If you can't afford to make any payments on your student loans, you have a couple options that will let you temporarily pause them: forbearance and deferment. If you have a choice—and especially if you have subsidized loans—it's usually best to apply for deferment first.
But if you don't qualify for a deferment, you can still potentially turn to forbearance for relief. Before you do, though, make sure you understand some key facts about this option:
- Your lender or servicer will grant forbearance at their discretion.
- This option is usually reserved for cases of financial hardship or illness.
- Unlike a deferment, interest builds up on all your loans during forbearance. This is capitalized at the end of the forbearance period, meaning forbearance will increase the amount you owe.
Things to know:
- Granted by your lender or servicer.
- Usually reserved for cases of financial hardship or illness.
- Interest continues to build up on your loan during forbearance and is capitalized at the end of the forbearance period. In other words, forbearance increases the amount you owe.
Is Interest Paid For Me?
During deferment, the federal government may pay the interest adding up on some kinds of loans. During forbearance, interest still builds up on all loans.
That means forbearance always costs money. It may still be right for you, but it's not free.
For example, let's say you have a $10,000 subsidized loan at 6.8% interest and want to postpone payments for a year. After that time, you'd owe the same $10,000 if you used deferment—but $700 more if you used forbearance due to the accrued interest. For unsubsidized loans, forbearance and deferment cost the same.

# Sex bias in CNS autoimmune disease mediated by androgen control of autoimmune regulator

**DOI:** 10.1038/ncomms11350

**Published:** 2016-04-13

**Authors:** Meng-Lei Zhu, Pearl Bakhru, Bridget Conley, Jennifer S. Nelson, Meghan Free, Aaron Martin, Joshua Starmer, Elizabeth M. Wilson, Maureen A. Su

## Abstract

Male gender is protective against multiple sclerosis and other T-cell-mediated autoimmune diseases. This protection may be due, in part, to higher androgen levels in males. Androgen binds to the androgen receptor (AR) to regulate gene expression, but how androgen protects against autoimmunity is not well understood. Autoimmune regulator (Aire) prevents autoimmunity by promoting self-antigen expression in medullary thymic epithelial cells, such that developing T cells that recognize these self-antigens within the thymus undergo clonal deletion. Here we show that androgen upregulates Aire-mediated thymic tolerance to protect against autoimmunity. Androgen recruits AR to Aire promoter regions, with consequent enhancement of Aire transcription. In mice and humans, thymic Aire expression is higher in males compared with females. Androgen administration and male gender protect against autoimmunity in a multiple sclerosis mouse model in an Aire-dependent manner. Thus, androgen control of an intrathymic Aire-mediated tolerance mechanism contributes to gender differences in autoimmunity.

Types Of Forbearance
If you are having difficulty making payments, you can request a discretionary forbearance verbally. It is up to the lender to grant you the forbearance, but lenders grant these to help prevent your loans from defaulting. Lenders may choose to grant this type of forbearance if you are:
- Having personal problems.
- Unemployed and have exhausted all of your unemployment deferment eligibility.
- Having health problems.
Mandatory forbearance, also known as the excessive debt forbearance, must be granted if your payments on your Title IV federal loans each month are greater than 20% of your total monthly income. You would need to prove this, of course. You can only receive this forbearance for up to 3 years, so use it wisely—or look into an income-driven repayment plan (which could reduce your payments to as little as $0/month).
If you have used all of your medical or dental internship/residency deferment eligibility or your promissory note doesn't provide for this deferment, then you can get a medical or dental internship or residency forbearance.
You can receive a national service, loan forgiveness, Department of Defense repayment, or active military state duty forbearance if you:
- Receive a national service educational award from AmeriCorps.
- Perform service that would qualify you for partial loan repayment under some Department of Defense repayment programs.
- Maintain eligibility for the Teacher Loan Forgiveness program and your lender believes that your forgiven amount will cover your amounts due.
- Serve on active military state duty for at least 30 days.
Perkins Loans Forbearance Rules
Perkins loans have special forbearance rules:
- Forbearance is granted solely at the discretion of your lending school.
- Though not required, the U.S. Department of Education encourages schools to grant forbearance for borrowers serving with AmeriCorps.
- Offered for up to 1 year at a time, but may not exceed a total of 3 years over the lifetime of the loan.
- Hardship forbearance may be granted if the total amount you pay on your federal student loans is 20% or more of your gross monthly income.
Learn more about student loan repayment options with the SALT® Repayment Navigator.